News Release

Vaccine Monitor: Women and Younger Adults Hit Hardest by Mental Health Impacts Due to COVID-19

Gender and age differences are revealed in a new analysis that finds nearly seven in ten (69%) young women ages 18 to 29 say the COVID-19 pandemic has negatively impacted their mental health, compared to smaller shares of women who are older and men across all age groups.

By mid-2020 about half (53%) of adults reported that worry and pandemic-related stress had negatively impacted their mental health. Now with millions of U.S. residents getting vaccinated against COVID-19, the latest analysis from the KFF COVID-19 Vaccine Monitor finds 47% of adults continue to report negative mental health impacts, and about a third of this group (or 15% of adults overall) report unmet needs for mental health care. The new report highlights recent data on the mental health impacts of the COVID-19 pandemic across gender, age, race, and income. Key findings include:

  • Women, including mothers with children under 18, younger adults, and those in middle income groups are most likely to report their mental health has been negatively impacted as a result of the pandemic, compared to those 65 and older and men, including fathers with children under 18, who are least likely to report any mental health impact from the pandemic.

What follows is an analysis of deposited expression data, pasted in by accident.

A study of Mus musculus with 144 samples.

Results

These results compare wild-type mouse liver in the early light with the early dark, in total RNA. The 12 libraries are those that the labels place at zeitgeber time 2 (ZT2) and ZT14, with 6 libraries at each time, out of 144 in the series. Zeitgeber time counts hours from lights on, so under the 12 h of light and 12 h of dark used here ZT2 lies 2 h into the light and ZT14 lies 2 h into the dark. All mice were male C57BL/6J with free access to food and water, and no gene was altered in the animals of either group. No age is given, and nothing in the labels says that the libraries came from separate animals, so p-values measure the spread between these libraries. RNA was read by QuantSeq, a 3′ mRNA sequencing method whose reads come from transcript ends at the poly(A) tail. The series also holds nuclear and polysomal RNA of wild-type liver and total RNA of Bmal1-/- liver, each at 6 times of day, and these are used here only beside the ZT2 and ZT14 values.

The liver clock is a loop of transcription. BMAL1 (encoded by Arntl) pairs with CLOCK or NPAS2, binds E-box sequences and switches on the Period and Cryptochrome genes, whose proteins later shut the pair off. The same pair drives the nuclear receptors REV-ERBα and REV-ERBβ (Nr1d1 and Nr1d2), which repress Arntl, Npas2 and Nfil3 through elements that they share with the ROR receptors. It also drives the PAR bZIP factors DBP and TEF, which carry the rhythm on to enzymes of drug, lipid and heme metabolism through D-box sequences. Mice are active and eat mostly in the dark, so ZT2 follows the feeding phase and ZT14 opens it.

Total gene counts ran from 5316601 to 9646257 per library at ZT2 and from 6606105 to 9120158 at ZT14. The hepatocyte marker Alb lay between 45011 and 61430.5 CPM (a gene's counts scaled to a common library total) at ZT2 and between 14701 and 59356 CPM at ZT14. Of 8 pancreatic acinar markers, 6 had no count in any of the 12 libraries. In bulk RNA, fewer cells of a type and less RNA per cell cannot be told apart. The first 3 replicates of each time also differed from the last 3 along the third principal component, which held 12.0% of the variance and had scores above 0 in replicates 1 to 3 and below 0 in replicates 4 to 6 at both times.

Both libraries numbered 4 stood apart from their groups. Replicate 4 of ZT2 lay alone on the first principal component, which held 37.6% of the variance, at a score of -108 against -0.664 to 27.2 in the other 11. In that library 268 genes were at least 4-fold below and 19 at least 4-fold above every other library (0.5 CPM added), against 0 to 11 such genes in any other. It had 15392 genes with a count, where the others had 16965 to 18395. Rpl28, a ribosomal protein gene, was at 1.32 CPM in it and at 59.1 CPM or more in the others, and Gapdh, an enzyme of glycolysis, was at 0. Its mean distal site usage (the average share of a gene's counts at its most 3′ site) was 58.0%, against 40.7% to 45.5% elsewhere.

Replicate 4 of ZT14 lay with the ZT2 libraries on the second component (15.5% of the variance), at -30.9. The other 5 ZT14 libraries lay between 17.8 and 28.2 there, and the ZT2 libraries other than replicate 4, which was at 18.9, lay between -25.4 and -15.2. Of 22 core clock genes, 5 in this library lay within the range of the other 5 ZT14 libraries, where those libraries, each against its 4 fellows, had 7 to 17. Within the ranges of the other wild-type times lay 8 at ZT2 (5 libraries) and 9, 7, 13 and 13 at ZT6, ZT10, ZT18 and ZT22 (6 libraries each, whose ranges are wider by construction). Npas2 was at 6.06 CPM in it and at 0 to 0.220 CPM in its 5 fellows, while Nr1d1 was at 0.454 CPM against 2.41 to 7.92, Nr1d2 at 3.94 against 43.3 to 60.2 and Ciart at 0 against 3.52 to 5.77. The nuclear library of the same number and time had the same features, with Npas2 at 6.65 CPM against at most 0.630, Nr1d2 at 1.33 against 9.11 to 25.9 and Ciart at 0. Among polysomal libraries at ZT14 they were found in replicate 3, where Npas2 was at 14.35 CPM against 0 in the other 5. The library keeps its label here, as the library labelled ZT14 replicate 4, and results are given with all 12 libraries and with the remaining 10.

• The groups most likely to be worried that they or a family member may get sick from COVID-19 are women, Black and Hispanic adults, and younger adults. Among those expressing this worry, nearly six in ten say it has negatively impacted their mental health, showing a direct link between worry and negative mental health impact.
  • Among mothers who say their mental health had been negatively impacted by the pandemic, nearly half (46%) report they did not get the mental health services or medications they needed, representing about one in four (27%) mothers overall.
  • Among adults who did not get the mental health care they may have needed in the past year, some of the biggest reasons include not being able to find a provider (24%), inability to afford the cost (23%), or being too busy or unable to take off work in order to seek treatment (18%).

The KFF COVID-19 Vaccine Monitor is an ongoing research project tracking the public’s attitudes and experiences with COVID-19 vaccinations. Using a combination of surveys and qualitative research, this project tracks the dynamic nature of public opinion as vaccine development and distribution unfolds, including vaccine confidence and hesitancy, trusted messengers and messages, as well as the public’s experiences with vaccination.